Friday, June 10, 2005

When it comes to the Times columnist David Brooks, I tend to disagree with his viewpoints but respect, appreciate and even enjoy his style.

After reading his , however, I can't help but wonder: is Brooks on the government payroll?

In large part I ask the question in jest. From both his columns and a few interviews I've seen, I get the impression that Brooks is someone whose journalistic and personal integrity would proscribe even the idea of receiving payment in exchange for espousing specific political programs.

Nonetheless, at the end of his latest piece on AIDS in Africa, there's a singularly telling line:
This is a world of people trying everything, of doctors from Russia, Egypt, Cuba, Germany and Zimbabwe. Many are backed by money from the President's Emergency Plan for AIDS Relief, finally doing the work they've always dreamed of doing.

We could be on the verge of a recovery boom.
Does anyone else find the emphasized line -- especially in its context -- the least bit curious?

As Brooks touches on elsewhere, President Bush has quite often been criticized (and in my view, rightly so) for actively promoting policies which facilitate rather than hamper the spread of AIDS. Further, his insistence on unilateral aid delayed its delivery for years, thereby preventing many AIDS victims from receiving what little relief they sought.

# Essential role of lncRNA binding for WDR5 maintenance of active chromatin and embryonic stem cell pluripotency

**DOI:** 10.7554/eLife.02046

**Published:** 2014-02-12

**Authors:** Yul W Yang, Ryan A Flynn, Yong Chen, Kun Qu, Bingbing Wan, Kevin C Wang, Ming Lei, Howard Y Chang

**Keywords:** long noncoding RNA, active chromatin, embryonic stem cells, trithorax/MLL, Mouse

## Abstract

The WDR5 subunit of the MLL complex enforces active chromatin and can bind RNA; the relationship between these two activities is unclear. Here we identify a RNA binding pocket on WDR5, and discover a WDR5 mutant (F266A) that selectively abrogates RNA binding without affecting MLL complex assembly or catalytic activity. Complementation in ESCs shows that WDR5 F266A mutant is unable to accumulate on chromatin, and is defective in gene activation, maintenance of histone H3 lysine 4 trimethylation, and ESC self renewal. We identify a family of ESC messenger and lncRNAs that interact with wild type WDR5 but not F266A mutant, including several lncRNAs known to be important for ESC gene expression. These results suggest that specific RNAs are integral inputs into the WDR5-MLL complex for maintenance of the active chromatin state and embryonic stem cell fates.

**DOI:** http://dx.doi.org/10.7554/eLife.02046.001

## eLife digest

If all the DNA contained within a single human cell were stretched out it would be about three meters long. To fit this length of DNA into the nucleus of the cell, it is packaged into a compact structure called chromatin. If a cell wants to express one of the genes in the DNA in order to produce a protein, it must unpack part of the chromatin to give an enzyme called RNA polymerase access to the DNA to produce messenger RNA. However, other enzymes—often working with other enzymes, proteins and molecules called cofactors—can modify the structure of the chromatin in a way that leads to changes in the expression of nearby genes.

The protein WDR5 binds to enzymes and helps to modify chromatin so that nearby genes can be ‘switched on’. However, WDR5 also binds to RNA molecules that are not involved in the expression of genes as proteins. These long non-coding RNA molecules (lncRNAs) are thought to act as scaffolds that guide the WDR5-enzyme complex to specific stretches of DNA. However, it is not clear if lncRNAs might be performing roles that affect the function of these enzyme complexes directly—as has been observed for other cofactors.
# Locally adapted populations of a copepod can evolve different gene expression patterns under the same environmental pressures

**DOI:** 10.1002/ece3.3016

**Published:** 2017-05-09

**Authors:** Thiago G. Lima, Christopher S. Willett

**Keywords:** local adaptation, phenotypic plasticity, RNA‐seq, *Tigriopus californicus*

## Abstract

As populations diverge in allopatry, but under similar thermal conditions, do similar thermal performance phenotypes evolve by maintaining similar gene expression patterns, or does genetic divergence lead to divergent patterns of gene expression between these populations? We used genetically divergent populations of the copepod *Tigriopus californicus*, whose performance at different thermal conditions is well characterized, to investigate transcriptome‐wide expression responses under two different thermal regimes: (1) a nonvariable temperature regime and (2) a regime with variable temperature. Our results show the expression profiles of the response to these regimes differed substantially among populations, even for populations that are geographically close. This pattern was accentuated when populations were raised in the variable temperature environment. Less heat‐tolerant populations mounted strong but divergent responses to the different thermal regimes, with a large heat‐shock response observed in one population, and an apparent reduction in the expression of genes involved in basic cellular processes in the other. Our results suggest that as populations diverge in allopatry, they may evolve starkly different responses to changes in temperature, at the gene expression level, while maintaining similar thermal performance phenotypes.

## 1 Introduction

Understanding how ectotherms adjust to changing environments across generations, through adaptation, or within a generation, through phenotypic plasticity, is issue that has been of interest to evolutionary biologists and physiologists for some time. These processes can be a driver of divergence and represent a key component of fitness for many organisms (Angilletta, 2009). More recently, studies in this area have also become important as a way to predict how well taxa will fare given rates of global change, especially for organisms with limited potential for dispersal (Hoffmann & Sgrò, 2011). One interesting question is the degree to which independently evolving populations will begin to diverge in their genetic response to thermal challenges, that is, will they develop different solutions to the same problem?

Yet what grates me most is the implication that both the money and the relief program are somehow singularly attributable to the President. That is sheer poppycock. Not only has Bush worked against AIDS relief, but the money in question comes from U.S. taxpayers, and the program itself is administered by the U.S. government. If anything, that line should have read "money from the U.S. Emergency Program for AIDS Relief."

To return to my initial point, the fact that a writer as acutely discerning as Brooks should be so atypically exuberant -- and so specific in his praise -- makes me wonder, given the Armstrong scandal earlier this year, whether he isn't perhaps being paid to shill for one the President's programs. Odds are, I'm just being overly cynical, and David Brooks is simply drawing attention to a program he sincerely believes in. But even if that's the case, the fact that I'm doubting Brooks at all illustrates just how much damage the Bush administration's tactics have caused: even someone as reputed as Brooks can now be legitimately associated with one of the administrations more perfidious scandals.